What does 1% do? If I can improve something by 1%, what does it mean?
In May 2022, we spoke with Mike Donohue, Vice President for Agristats, about how small improvements in the health and performance of broilers can make a significant impact on the economics of poultry production. Mike is a 42-year veteran of the chicken industry and recently celebrated his 25th anniversary with Agristats.
An Industry Responsive to Consumer Demands
To start our conversation, we asked Mike to describe the evolution of the chicken industry, both in the U.S. and globally. “The growth of the chicken industry over the last 35 to 40 years, not just in the United States, but around the world, has been almost explosive,” he said. “China didn’t have anything really until 1980 or so when they started commercial chicken production, and they’ve grown to, I believe, the third largest producer in the world. Brazil is a similar situation; they’ve grown in both domestic demand and international demand. And the U.S. production has probably doubled in the last 15 to 20 years.”
The U.S. industry has also seen shifts in the products they produce, to better cater to consumers who are looking for easy-to-prepare, nutritious protein — at a good price. “We’ve been leaders, the chicken industry, in bringing affordable protein to people, not just in the U.S. but in pretty much every other corner of the world. You can see that by any statistic from the government or others on per capita chicken consumption.”
The Impact of 1%
Healthy birds are needed to supply the millions of tons of chicken meat to consumers, so we asked Mike about the importance of maintaining bird health and the impact bird health has on production. He stressed that all chicken producers are concerned about being good caretakers of their birds, by providing good husbandry and trying to mitigate disease and environmental challenges.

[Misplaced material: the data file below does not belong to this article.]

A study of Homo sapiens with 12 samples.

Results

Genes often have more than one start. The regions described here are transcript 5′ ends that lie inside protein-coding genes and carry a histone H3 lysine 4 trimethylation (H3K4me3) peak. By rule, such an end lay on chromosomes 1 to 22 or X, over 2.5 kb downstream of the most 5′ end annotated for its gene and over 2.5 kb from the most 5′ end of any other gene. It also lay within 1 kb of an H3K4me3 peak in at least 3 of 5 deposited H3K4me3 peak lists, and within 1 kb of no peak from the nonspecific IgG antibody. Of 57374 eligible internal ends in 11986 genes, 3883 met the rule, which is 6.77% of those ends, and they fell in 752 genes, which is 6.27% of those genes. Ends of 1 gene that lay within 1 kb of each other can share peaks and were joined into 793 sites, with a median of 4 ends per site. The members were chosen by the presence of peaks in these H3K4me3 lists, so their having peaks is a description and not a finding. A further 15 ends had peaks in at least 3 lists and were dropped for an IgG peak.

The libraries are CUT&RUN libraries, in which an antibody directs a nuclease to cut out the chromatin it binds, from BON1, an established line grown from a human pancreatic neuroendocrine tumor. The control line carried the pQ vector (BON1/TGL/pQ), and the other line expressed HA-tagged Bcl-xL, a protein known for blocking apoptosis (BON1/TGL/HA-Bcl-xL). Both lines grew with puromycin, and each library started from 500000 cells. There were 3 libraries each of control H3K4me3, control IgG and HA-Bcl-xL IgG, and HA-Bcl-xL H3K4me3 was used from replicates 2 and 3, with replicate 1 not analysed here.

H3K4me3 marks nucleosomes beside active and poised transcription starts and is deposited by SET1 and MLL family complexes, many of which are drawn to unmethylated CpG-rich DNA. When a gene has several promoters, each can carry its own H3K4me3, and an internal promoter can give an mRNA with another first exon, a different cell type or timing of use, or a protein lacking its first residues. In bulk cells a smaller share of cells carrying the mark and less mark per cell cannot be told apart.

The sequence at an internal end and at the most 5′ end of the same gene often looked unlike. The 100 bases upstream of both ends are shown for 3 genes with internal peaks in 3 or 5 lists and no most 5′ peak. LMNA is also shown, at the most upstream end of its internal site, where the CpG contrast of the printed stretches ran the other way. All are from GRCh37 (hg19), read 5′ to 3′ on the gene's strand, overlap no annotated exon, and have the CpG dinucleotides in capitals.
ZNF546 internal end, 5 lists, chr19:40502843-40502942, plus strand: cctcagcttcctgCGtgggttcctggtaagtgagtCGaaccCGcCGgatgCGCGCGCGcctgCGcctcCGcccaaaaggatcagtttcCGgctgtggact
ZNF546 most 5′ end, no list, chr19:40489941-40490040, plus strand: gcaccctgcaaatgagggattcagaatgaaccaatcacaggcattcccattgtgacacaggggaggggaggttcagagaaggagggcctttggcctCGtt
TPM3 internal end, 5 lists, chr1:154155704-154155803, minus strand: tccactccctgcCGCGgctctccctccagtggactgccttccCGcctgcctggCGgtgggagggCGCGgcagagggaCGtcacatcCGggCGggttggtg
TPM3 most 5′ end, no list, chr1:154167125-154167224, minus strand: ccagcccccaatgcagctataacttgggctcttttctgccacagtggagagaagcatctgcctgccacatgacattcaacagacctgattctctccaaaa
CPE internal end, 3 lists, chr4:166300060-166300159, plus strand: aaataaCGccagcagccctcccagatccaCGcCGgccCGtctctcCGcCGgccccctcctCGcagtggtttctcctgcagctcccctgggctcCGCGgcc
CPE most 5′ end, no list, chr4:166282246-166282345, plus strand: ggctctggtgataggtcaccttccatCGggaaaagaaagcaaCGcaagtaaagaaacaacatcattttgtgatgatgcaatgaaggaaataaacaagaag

Keeping birds healthy allows for better production performance and livability. Mike explained that livability is an important factor for producers and provided the example below on what 1% improvement in livability can do for revenue.
- The average chicken operation grows about 30 million live pounds a month.
- A 1% increase in livability means:
- 300,000 more live pounds
- 240,000 more finished product pounds (at 80% yield)
- At $1.20/pound, an extra $288,000 in revenue
But increased revenue is just half the story — costs are also affected by a 1% improvement in livability. “Whatever we can do from a management standpoint, from a husbandry standpoint, from a nutrition standpoint, from a veterinary standpoint, to bring more birds to the plant, to bring healthy birds to the plant, the better the performance is going to be and the better the cost of production is going to be for the company,” Mike said. And when input costs are as high as they are now, a healthy bird is even more important.
“How do we get a balanced diet, at the most accessible cost, that helps birds grow quickly and efficiently and live well, all the way through the life of that flock? That’s part of what I work on; that’s part of what the industry works on day after day.”
Investing in the 1% Improvement
If birds aren’t healthy, they don’t convert feed as well, and that’s an added cost to producers. Mike explained that if you can change something in your production setting (e.g., an alternative feed ingredient) that improves bird health — even if it’s an added cost — it typically means a better feed conversion ratio (FCR), which can make a big difference to revenue. But you need to make sure your return on investment makes sense. In the video below, Mike outlines an example of how adding an extra cost that improves FCR by 1% could definitely be worthwhile.
Improving the Bottom Line
A large part of Mike’s job is helping his customers find the 1% they can change — the poultry industry works with some big numbers, so small changes can add up quickly. In this way, Mike and Amlan have similar goals — we want to help our customers make changes to their operation that improve their bottom line. Our range of natural mineral-based feed additives help support optimal bird intestinal health and productivity, while adding value for producers. Thank you, Mike, for showing us the big impact a small change can make.